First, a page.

I just read Aharon Appelfeld’s memoir, The Story of a Life (in English). And now I think I have more of an appreciation for a profession that I once dismissed as total kookiness.
I have met, on separate occasions, two women in Israel who describe their line of work as “craniosacral therapy.” They tell me this is a method of using the touch of the hands to help the body heal from trauma. “Just as the mind remembers, the body remembers what it has been through,” one of the practitioners I met told me. “Craniosacral therapy heals the body of its memory of trauma.”
“But how does the body remember?” I asked this woman, thinking that this sounded like the twentieth-century equivalent of phreno-mesmerism.
“How does the mind remember?” she shot back. “We have cells all over the body, not just in the brain, and cells register impact.”
I was convinced that all of this was total bunk until I read Appelfeld, who describes the trauma of living in the forests of Poland at the age of ten during the war years. Again and again he returns to this theme of how the body remembers, as the following two excerpts attest:
“Of the war years I remember little . . . this is the limit of conscious memory. But the palms of one’s hands, the soles of one’s feet, one’s back, and one’s knees remember more than memory. Had I known how to draw from them, I would have been overwhelmed with what I have seen. On some occasions I have been able to listen to my body, and then I would write a few chapters, but even they are just fragments of a pulsing darkness that will always be locked inside me.”
“I do not remember entering the forest, but I do remember the moment when I stood before a tree laden with red apples. I was so astonished that I took a few steps back. More than my conscious mind does, my body seems to remember those steps backward. If ever I make a wrong movement, or unexpectedly stumble backward, I see the tree with the red apples.”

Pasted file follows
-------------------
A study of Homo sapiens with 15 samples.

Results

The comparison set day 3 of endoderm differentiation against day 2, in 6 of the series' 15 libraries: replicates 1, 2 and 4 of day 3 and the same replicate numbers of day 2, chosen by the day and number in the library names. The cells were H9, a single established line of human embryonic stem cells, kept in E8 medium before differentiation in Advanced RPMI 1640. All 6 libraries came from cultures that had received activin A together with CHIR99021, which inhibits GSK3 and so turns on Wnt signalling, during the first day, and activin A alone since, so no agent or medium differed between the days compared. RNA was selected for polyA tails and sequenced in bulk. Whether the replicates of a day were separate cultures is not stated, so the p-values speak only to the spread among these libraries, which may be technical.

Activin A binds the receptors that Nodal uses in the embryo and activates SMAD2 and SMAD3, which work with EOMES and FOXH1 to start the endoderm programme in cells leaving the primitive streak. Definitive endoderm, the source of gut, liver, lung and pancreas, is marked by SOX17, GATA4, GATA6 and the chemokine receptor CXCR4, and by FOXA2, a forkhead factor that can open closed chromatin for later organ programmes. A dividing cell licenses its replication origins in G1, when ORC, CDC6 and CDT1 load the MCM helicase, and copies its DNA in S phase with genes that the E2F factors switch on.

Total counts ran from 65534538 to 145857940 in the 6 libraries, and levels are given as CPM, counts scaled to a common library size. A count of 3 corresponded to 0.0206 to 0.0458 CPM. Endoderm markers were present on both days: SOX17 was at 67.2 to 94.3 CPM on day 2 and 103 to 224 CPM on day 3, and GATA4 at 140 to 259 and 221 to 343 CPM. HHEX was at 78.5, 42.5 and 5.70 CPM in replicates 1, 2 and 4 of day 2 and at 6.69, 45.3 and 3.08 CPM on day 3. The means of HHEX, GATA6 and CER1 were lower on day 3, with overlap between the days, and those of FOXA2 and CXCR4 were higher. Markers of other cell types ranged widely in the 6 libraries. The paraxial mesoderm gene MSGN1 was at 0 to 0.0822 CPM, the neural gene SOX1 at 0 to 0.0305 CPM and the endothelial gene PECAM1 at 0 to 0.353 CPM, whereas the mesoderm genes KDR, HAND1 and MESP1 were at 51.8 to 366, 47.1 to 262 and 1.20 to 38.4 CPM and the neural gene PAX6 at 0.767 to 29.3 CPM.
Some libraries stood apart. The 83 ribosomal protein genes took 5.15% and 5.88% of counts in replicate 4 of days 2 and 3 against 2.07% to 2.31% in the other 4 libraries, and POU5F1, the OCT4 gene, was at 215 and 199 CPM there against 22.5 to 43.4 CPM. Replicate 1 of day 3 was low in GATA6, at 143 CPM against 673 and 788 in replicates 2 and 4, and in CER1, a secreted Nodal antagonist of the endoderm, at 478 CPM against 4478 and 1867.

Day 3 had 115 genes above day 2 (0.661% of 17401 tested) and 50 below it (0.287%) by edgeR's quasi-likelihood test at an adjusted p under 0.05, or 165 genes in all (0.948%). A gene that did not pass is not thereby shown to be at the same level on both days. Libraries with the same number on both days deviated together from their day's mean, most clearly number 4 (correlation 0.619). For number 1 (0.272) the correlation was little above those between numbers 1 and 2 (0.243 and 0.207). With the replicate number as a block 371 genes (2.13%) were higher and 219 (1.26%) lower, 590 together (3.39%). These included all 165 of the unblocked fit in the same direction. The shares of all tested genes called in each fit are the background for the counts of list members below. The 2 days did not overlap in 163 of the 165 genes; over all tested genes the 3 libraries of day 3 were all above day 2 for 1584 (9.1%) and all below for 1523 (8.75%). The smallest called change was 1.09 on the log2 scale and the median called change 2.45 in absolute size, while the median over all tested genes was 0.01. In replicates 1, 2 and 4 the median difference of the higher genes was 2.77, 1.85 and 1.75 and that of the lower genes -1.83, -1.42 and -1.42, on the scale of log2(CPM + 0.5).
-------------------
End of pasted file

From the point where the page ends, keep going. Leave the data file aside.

Appelfeld’s sense of awe at the body’s capacity for remembrance is accompanied by a tremendous distrust of words. In wartime, he writes, only madmen speak. In the face of hunger, thirst, and the terrible physical reality of bodies dropping left and right, words are rendered superfluous. I shall save this passage for a drash on “lo ish devarim anochi”:
“I’ve carried with me my mistrust of words from those years. A fluent stream of words awakens suspicion within me. I prefer stuttering, for in stuttering I hear the friction and the disquiet, the effort to purge impurities from the words, the desire to offer something from inside you. Smooth, fluent, sentences leave me with a feeling of uncleanness, of order that hides emptiness.”
But like Moshe, Appelfeld is nonetheless a master of words and language. I had no interest in reading a Holocaust memoir–I have read more than my share already–but I fell in love with Appelfeld spellbinding rhetorical ability when I heard him speak at Yad Ben Zvi last month. The story he tells in his memoir is essentially the same as the story he tells in Tzili, and probably in all his other books as well. But no matter. It is not what he is telling us but how he tells it to us that is the source of his genius. Here he says so himself:
“Even then, I was labeled a Holocaust writer. There is nothing more annoying. A writer, if he’s a writer, writes from within himself and mainly about himself, and if there is any meaning to what he says, it’s because he’s faithful to himself—to his voice and his rhythm. Theme, subject matter—all these are by-products of his writing, not its essence. I was a child during the war. This child grew up, and all that happened to him and within him continued into his adulthood: the loss of his home, the loss of his language, suspicion, fear, the inhibitions of speech, the feelings of alienation in a foreign country. It was from these that I wove my fiction. Only the right words can construct a literary text, not subject matter.”
Appelfeld has the right words, for sure. They crawl underneath your skin and stay there for a long time, for as long as the body remembers.